The field of immuno-oncology is seeing striking successes, yet suffers from ongoing diagnostic challenges that are hampering progress in the development of novel and combination immunotherapies in patients. Non-invasive imaging using PET enables profiling tumor and immune system biology throughout the body. In vivo imaging provides a powerful and complementary approach to in vitro diagnostics, allowing profiling of biology in the context of an intact living organism. Given the challenges of tumor heterogeneity, as well as variability of immune responses, molecular imaging approaches are poised to provide essential information to enhance our understanding of immune responses and immunotherapy.

We have developed engineered antibody fragments to provide a versatile platform for non-invasive imaging of cells and tissues based on cell surface phenotype. Recombinant fragments such as minibodies and diabodies have been developed with accelerated clearance (enabling same-day or next-day imaging), limited or no biological activity (lacking complement/Fc receptor binding), and permitting site-specific conjugation. When labeled with positron-emitting radionuclides (such as I-124, Zr-89, Cu-64, F-18), minibodies and diabodies can be employed for high resolution, sensitive, quantitative imaging by immunoPET and provide highly specific molecular assessments of tumor biology and response to treatment. For example, an I-124 prostate stem cell antigen (PSCA)-specific minibody demonstrates sensitive imaging in mouse models of prostate cancer and provides a PET imaging readout of response to anti-androgens. Antibody-based targeting and imaging of CD markers (CD4 or CD8 on T lymphocytes; CD20 on B lymphocytes) broadens applications to assessment of immune cell subsets and monitoring responses to cancer immunotherapy. A Zr-89 anti-CD8 cys-diabody has been used to detect and image tumor infiltrating CD8+ T lymphocytes in tumor treatment models using anti-CD137 or anti-PD-L1 antibodies, and to detect adoptively-transferred OT-I T cells in mice. Applications extend beyond oncology, with recent visualization of CD4+ T lymphocytes in a mouse model of colitis.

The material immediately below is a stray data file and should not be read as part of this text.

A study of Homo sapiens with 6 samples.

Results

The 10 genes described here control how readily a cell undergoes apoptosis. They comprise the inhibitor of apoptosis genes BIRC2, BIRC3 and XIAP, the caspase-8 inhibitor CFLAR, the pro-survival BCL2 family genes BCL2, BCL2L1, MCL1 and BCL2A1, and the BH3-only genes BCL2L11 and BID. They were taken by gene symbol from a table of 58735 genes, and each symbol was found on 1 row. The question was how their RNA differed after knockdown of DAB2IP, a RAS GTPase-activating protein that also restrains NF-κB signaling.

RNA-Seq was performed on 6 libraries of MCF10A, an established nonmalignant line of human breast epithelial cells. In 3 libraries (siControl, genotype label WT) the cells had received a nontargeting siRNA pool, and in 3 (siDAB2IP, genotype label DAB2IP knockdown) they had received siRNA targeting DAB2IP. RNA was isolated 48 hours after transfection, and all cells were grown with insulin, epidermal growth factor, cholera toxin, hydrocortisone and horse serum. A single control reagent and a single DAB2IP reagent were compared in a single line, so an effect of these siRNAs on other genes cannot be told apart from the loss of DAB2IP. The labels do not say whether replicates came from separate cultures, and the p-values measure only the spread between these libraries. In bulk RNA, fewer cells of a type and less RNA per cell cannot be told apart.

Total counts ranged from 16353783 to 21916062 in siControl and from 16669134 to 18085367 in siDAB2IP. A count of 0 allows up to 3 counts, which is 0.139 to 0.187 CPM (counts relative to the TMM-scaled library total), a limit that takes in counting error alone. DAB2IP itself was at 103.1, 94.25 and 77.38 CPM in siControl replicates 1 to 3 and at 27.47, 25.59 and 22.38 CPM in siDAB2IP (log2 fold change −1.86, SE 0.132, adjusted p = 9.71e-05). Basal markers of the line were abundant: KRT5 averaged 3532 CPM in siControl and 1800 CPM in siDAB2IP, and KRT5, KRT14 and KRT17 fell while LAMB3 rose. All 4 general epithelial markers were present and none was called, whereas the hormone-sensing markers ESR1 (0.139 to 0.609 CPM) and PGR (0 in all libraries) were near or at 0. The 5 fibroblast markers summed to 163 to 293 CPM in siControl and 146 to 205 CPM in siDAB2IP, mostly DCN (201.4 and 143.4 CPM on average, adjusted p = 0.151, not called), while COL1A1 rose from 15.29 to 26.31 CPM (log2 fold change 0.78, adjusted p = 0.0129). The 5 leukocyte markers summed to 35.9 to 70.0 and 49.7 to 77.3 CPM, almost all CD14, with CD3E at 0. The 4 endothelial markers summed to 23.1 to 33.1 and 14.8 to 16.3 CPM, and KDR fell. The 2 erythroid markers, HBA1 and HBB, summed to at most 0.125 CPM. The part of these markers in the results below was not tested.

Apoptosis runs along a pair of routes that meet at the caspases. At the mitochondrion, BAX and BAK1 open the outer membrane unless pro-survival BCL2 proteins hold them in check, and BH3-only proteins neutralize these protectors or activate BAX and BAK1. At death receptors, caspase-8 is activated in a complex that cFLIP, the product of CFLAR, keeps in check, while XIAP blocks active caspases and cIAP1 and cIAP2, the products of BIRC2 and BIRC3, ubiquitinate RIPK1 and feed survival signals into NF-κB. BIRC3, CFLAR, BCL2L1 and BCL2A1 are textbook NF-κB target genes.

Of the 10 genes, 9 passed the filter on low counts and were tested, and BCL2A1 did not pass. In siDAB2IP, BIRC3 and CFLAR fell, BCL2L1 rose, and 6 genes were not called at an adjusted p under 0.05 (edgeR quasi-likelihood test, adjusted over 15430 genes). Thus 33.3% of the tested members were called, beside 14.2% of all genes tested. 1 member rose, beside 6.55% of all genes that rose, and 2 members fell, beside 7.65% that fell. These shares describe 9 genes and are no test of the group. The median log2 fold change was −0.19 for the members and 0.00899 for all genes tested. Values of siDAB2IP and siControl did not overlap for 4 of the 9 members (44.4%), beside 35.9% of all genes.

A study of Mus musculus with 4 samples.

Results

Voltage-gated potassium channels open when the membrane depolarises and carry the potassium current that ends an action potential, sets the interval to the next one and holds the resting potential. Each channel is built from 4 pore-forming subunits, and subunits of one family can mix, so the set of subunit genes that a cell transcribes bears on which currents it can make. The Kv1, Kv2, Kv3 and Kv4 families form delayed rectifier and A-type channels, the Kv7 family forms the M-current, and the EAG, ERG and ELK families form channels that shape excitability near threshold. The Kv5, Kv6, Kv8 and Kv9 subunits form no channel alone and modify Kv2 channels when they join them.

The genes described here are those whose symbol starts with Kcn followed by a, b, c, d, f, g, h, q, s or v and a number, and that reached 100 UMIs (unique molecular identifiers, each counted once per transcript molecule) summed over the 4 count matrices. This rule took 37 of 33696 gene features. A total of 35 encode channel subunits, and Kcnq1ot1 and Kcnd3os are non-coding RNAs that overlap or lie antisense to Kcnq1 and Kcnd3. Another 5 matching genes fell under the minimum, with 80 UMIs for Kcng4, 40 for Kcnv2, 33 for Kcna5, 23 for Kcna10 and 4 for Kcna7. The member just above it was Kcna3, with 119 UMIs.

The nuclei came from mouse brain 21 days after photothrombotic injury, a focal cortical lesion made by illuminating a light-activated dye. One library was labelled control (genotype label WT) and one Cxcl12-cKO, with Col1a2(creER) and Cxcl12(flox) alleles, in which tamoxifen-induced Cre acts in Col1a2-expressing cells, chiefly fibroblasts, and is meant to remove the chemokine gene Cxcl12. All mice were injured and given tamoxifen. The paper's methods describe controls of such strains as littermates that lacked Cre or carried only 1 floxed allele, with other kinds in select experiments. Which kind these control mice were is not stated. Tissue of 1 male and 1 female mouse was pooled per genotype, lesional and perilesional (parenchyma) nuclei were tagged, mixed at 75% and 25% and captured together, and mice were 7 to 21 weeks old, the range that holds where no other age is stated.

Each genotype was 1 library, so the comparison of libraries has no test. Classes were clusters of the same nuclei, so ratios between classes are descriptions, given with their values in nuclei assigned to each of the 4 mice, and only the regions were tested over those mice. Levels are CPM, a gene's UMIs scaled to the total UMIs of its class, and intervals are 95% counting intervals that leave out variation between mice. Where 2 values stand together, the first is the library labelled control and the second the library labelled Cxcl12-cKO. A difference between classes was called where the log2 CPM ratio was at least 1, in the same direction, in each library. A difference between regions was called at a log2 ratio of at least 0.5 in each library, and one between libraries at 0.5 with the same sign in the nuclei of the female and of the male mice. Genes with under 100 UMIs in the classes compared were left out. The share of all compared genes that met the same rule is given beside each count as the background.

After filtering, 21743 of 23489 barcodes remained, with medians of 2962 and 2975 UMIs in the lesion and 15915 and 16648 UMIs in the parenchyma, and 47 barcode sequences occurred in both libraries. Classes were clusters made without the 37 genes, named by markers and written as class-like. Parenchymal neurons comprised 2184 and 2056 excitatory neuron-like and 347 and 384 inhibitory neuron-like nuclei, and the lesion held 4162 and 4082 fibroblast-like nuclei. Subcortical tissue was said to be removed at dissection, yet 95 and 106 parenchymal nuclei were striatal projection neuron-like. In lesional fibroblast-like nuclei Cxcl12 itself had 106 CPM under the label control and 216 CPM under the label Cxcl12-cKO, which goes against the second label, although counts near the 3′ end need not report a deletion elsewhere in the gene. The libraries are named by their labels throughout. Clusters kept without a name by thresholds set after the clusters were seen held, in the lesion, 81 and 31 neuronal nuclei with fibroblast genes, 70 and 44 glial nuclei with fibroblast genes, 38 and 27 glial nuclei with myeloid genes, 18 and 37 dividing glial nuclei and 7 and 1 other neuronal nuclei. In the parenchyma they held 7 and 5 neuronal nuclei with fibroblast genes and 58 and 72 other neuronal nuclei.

Importantly, immunoPET using engineered antibody fragments can be readily translated, and can provide highly sensitive imaging of cell surface biomarkers in patients. ImmunoPET provides a broad approach for noninvasive, whole-body monitoring of key factors such as target expression in vivo, response to therapy, and immune responses, and stands to play an expanding role in the detection and management of cancer.

Citation Format: Anna M. Wu. Profiling immune cell subsets and immune responses using immunoPET. [abstract]. In: Proceedings of the AACR Special Conference on Tumor Immunology and Immunotherapy; 2016 Oct 20-23; Boston, MA. Philadelphia (PA): AACR; Cancer Immunol Res 2017;5(3 Suppl):Abstract nr IA21.